An update on election Hackday and the goals of

Earlier in August, I went to a hack day with a few friends to work on WhoTargetsMe, a project started by some people in London. We ended up working on the project because we felt that platforms like Facebook had emerged, that were were powerful in the same way that you might consider TV and the press to be powerful when it came to influencing elections.

Thing is, there’s not much in the way of oversight for platforms like Facebook, especially during elections, so it’s very hard to see if the platform is being used in a malicious way.

The appeal for WhoTargetsMe, for me at least was that it was a clever approach to build a dataset to allow for some kind of scrutiny over how Facebook was being used in elections, and it seemed a good way to work towards the things Tom Steinberg outlined:

What I want is this: I want Facebook and Google to show goodwill by voluntarily publishing data on the political adverts that are purchased on their platform and shown to users in the U.K. in the next six weeks.

To be more specific, I want:

  • A copy of each unique advert (e.g image/text/video)
  • Data on who this advert was targeted at (e.g everyone/only women/only people in London)
  • Data on how many people have been shown each advert
  • Information about who the buyer was

Earlier this week, in a briefing with Techcrunch, Facebook announced something that felt like progress towards this goal:

Facebook briefed TechCrunch on the changes that include hiring 1,000 more people to its global ads review team over the next year, and making it so anyone can see any ad run by any organization on Facebook instead of only the ads targeted to them.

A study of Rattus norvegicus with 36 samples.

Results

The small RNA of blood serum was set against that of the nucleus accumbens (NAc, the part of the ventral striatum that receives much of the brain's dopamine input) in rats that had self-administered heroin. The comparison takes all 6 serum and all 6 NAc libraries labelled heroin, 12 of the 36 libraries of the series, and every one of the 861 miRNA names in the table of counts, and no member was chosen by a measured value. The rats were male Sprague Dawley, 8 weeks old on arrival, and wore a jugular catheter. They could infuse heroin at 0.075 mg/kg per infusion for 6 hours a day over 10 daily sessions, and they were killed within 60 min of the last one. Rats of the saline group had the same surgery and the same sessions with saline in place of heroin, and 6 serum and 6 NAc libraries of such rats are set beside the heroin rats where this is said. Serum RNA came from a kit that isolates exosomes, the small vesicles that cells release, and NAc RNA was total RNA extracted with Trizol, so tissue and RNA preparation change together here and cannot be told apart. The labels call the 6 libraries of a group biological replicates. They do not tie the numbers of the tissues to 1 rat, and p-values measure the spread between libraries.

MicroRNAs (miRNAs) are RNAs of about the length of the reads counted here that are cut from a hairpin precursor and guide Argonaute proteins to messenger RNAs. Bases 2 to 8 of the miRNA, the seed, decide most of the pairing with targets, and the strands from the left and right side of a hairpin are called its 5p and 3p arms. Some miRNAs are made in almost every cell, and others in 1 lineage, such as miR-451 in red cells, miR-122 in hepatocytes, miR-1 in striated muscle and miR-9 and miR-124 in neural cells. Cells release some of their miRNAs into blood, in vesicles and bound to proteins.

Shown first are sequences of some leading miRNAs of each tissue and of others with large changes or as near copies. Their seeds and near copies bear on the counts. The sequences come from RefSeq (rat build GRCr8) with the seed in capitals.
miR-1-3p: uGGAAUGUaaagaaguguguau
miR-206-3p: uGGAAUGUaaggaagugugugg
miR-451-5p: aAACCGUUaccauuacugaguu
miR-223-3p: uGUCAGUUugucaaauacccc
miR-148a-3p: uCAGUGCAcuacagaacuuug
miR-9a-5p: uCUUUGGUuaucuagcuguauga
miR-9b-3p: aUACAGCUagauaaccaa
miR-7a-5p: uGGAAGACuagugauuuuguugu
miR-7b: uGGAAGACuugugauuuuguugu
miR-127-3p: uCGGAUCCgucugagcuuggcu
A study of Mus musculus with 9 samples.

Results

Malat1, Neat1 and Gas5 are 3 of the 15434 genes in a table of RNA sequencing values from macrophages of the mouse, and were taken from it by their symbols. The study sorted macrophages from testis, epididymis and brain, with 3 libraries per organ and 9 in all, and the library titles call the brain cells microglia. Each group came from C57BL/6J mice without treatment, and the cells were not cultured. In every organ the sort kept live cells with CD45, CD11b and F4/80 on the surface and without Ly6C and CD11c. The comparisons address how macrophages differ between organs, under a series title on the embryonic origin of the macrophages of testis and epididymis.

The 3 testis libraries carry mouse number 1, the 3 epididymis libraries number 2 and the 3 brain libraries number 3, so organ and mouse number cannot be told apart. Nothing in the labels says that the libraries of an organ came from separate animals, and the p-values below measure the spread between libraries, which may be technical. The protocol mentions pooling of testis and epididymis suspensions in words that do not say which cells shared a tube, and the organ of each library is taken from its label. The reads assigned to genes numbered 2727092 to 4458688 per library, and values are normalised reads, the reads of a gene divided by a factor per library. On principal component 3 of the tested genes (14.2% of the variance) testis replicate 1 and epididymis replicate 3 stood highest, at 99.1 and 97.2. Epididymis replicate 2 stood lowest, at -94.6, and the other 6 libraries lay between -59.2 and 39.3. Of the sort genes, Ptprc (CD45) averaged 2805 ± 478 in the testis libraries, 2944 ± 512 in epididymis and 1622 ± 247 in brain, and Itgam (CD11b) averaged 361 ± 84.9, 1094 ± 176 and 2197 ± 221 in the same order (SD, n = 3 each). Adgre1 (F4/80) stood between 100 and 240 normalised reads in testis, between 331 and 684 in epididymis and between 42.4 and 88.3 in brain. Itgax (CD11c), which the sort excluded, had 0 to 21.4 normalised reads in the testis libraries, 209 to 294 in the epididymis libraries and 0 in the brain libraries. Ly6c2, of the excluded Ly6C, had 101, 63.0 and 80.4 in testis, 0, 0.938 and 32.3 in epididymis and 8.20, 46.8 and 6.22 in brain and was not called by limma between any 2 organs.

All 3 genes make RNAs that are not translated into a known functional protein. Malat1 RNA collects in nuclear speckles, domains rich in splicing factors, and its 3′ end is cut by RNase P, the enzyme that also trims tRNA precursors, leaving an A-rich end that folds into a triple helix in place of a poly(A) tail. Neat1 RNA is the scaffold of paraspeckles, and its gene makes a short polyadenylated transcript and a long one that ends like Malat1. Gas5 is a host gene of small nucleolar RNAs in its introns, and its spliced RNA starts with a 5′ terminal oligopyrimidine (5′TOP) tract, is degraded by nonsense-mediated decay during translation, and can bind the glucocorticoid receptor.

So, one of the key ideas about making adverts less ‘dark’ looks to like it might actually be delivered.

Also, largely as a result of more and more Russian interference in the election, Facebook agreed to share a set of ads with US Congress, and some information about it’s use. This snippet from their own blog is enlightening, but the underlying data doesn’t seem to have been shared beyond the congress investigation :

Most of the ads appear to focus on divisive social and political messages across the ideological spectrum, touching on topics from LGBT matters to race issues to immigration to gun rights. A number of them appear to encourage people to follow Pages on these issues.

Here are a few other facts about the ads:

  • An estimated 10 million people in the US saw the ads. We were able to approximate the number of unique people (“reach”) who saw at least one of these ads, with our best modeling

  • 44% of total ad impressions (number of times ads were displayed) were before the US election on November 8, 2016; 56% were after the election.

  • Roughly 25% of the ads were never shown to anyone. That’s because advertising auctions are designed so that ads reach  people based on relevance, and certain ads may not reach anyone as a result.

  • For 50% of the ads, less than $3 was spent; for 99% of the ads, less than $1,000 was spent.

It’s a shame that it takes a train-wreck of an election for this to come out, and I hope it means that for this kind of information to be shared, it doesn’t take the same kind of disastrous election we saw in November 2016. But at least it sets a precedent making it easier to campaign for this information to be shared more regularly, as part of a step to make the use of platforms like Facebook in elections more transparent.